The Daily Wildcat

 

Eller professors present mid-year assessment of Tucson’s economy

Steven+Reff%2C+Eller+College+of+Management+economist%2C+talks+with+the+audience+about+macro+economic+statistics+and+the+current+state+of+the+Tucson+economy+during+the+2014+Eller+Breakfast+with+the+Economists+at+the+Westin+La+Paloma+Resort+Wednesday+morning.+Tucsons+unemployment+rate+is+6.3%25%2C+the+inflation+rate+is+1.95%25+and+the+economic+growth+is+negative+1.0%25+as+of+Monday+June+2%2C+2014.
Rebecca Marie Sasnett
Steven Reff, Eller College of Management economist, talks with the audience about macro economic statistics and the current state of the Tucson economy during the 2014 Eller Breakfast with the Economists at the Westin La Paloma Resort Wednesday morning. Tucson’s unemployment rate is 6.3%, the inflation rate is 1.95% and the economic growth is negative 1.0% as of Monday June 2, 2014.

Tucson added 2,400 jobs to its economy in 2013, showing a 0.7 percent increase from the previous year, said economic analysts at the annual Breakfast with the Economists conference Wednesday morning.

The annual breakfast is the Eller College of Management’s mid-year economic update. George Hammond, director of the Economic and Business Research Center, and Steven Reff, a UA economics lecturer, shared their thoughts on the Tucson economy for the 2014 year.

Several students work in the research center and have a role in the annual forecasting report, according to Len Jessup, dean of the Eller College of Management.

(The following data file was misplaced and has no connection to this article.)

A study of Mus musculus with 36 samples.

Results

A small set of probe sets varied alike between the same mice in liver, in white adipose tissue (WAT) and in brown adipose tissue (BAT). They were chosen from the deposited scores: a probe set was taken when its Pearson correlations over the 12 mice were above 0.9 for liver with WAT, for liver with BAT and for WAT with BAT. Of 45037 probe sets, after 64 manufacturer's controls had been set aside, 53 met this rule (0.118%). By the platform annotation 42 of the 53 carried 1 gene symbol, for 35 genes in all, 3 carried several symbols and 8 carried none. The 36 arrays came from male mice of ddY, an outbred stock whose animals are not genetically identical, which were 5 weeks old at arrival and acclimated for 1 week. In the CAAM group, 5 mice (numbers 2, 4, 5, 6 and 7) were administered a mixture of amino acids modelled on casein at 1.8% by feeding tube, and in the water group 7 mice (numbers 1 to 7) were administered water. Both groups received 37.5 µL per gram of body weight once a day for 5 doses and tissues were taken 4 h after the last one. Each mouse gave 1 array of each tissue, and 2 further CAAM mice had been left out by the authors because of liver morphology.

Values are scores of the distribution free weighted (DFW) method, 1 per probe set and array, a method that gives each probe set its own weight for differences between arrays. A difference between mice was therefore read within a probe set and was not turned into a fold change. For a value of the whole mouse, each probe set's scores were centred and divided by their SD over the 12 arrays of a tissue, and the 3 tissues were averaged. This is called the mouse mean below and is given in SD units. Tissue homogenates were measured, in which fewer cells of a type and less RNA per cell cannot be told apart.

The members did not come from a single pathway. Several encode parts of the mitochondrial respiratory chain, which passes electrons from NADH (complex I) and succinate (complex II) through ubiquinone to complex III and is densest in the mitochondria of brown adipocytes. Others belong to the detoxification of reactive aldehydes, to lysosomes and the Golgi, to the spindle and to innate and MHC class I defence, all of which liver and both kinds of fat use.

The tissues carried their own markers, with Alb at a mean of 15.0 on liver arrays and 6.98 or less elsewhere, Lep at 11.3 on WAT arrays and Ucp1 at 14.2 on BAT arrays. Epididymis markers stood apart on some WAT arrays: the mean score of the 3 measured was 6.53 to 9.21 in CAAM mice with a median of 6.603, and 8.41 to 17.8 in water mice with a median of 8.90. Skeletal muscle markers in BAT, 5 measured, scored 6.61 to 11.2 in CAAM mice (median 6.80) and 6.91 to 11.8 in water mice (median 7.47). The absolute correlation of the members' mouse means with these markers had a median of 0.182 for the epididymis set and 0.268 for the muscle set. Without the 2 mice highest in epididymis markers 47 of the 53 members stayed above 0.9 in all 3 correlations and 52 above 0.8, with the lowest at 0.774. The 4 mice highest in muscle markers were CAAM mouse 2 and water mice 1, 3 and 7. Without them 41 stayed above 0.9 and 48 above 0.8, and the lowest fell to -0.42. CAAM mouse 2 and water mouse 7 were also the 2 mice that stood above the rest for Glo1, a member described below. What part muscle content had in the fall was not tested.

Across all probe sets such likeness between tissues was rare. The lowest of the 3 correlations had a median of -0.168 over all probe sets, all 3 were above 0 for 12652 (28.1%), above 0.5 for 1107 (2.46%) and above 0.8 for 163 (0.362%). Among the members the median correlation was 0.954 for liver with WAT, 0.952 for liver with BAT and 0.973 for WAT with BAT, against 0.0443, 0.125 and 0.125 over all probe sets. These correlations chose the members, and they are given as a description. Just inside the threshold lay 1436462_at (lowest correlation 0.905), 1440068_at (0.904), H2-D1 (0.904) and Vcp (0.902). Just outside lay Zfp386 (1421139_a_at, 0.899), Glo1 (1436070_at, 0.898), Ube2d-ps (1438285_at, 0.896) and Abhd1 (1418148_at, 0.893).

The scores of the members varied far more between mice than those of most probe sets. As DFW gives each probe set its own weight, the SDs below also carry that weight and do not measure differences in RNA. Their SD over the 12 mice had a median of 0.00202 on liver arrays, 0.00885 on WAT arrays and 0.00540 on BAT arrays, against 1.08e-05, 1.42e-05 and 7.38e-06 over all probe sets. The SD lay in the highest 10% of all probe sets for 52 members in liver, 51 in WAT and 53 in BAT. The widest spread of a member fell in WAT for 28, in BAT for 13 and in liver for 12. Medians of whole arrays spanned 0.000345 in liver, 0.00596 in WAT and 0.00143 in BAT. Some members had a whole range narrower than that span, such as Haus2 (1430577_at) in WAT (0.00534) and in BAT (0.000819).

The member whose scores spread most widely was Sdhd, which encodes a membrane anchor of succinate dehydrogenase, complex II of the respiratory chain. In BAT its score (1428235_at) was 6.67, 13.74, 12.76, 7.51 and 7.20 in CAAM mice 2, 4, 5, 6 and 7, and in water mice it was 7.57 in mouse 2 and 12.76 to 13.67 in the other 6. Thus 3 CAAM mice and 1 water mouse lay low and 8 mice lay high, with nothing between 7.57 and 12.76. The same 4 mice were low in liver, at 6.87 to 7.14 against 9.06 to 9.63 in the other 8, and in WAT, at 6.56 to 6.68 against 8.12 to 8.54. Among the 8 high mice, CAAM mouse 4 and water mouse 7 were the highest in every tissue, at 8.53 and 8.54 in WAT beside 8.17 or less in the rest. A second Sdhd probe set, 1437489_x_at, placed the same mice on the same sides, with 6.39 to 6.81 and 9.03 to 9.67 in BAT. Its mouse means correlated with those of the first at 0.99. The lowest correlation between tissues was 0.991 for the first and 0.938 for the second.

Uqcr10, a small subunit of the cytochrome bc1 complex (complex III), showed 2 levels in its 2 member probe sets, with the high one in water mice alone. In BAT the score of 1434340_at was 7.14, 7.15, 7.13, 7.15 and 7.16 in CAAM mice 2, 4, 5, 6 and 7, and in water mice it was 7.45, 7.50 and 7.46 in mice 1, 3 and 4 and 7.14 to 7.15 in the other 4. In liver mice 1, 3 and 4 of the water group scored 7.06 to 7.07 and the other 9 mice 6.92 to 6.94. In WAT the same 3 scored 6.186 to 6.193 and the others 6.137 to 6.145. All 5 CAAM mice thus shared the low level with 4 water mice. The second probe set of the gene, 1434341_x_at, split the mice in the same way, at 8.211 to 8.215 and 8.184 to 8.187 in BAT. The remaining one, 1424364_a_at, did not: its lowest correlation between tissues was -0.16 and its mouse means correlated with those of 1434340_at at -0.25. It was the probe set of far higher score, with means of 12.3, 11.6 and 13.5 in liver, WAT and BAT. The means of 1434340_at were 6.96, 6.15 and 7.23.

Hammond began his lecture on a less-than-optimistic note about the Arizona and Tucson economies. He described 2013 as an economic drag due to several factors. The 2013 government shutdown negatively impacted Tucson, Hammond said.

Tucson was especially vulnerable to the government shutdown because of the amount of government activity in this city, Hammond said. He also said that Tucson is stable because of health care jobs.

“We’re making a lot of progress in terms of driving our unemployment rate down,” Hammond said.

Hammond said the catch to the progress is a decrease in the size of the labor force. There are also two demographic transitions to consider: aging of baby boomers and transition to retirement. Hammond said there is growth in industries such as construction.

“[The Tucson economy] is a little bit faster, but not a return to the good old days,” Hammond said.

After Hammond spoke, Reff began his part of the presentation, focusing on the macroeconomics of the nation and Tucson. Reff began by talking about the importance of two words in relation to the economy: it depends. He used these words throughout his presentation to answer hypothetical questions about the Tucson economy.

The economy was beyond ideal during Clinton’s presidency and the current national economy is approaching a near ideal state, Reff said. A beyond ideal economy has an increase in the order of durable goods, increased industry and increased money supply, according to Reff.

For the Arizona economy, the severe weather patterns in Southern states could be a good thing in the years to come because retired individuals will relocate to Arizona for consistent warmer weather, Reff said.

Tucson has some challenges to face, Reff said. The city needs to address its water crisis and getting water to Tucson for a lower amount of money.

He also thinks the number of homeless people in Tucson is another challenge for developing the city. Reff said he was concerned about the Tucson economy and how businesses looking to relocate view the city of Tucson.

“In the last five years, Tucson has become better in downtown development,” Reff said.

He said it is important to keep the city clean and shared a story of how he and his students cleaned Speedway Boulevard from the Interstate 10 to the UA. He encouraged guests at the lecture to pick an intersection in Tucson to clean.

“Let’s sweep our porch and make this the greatest community in the United States,” Reff said.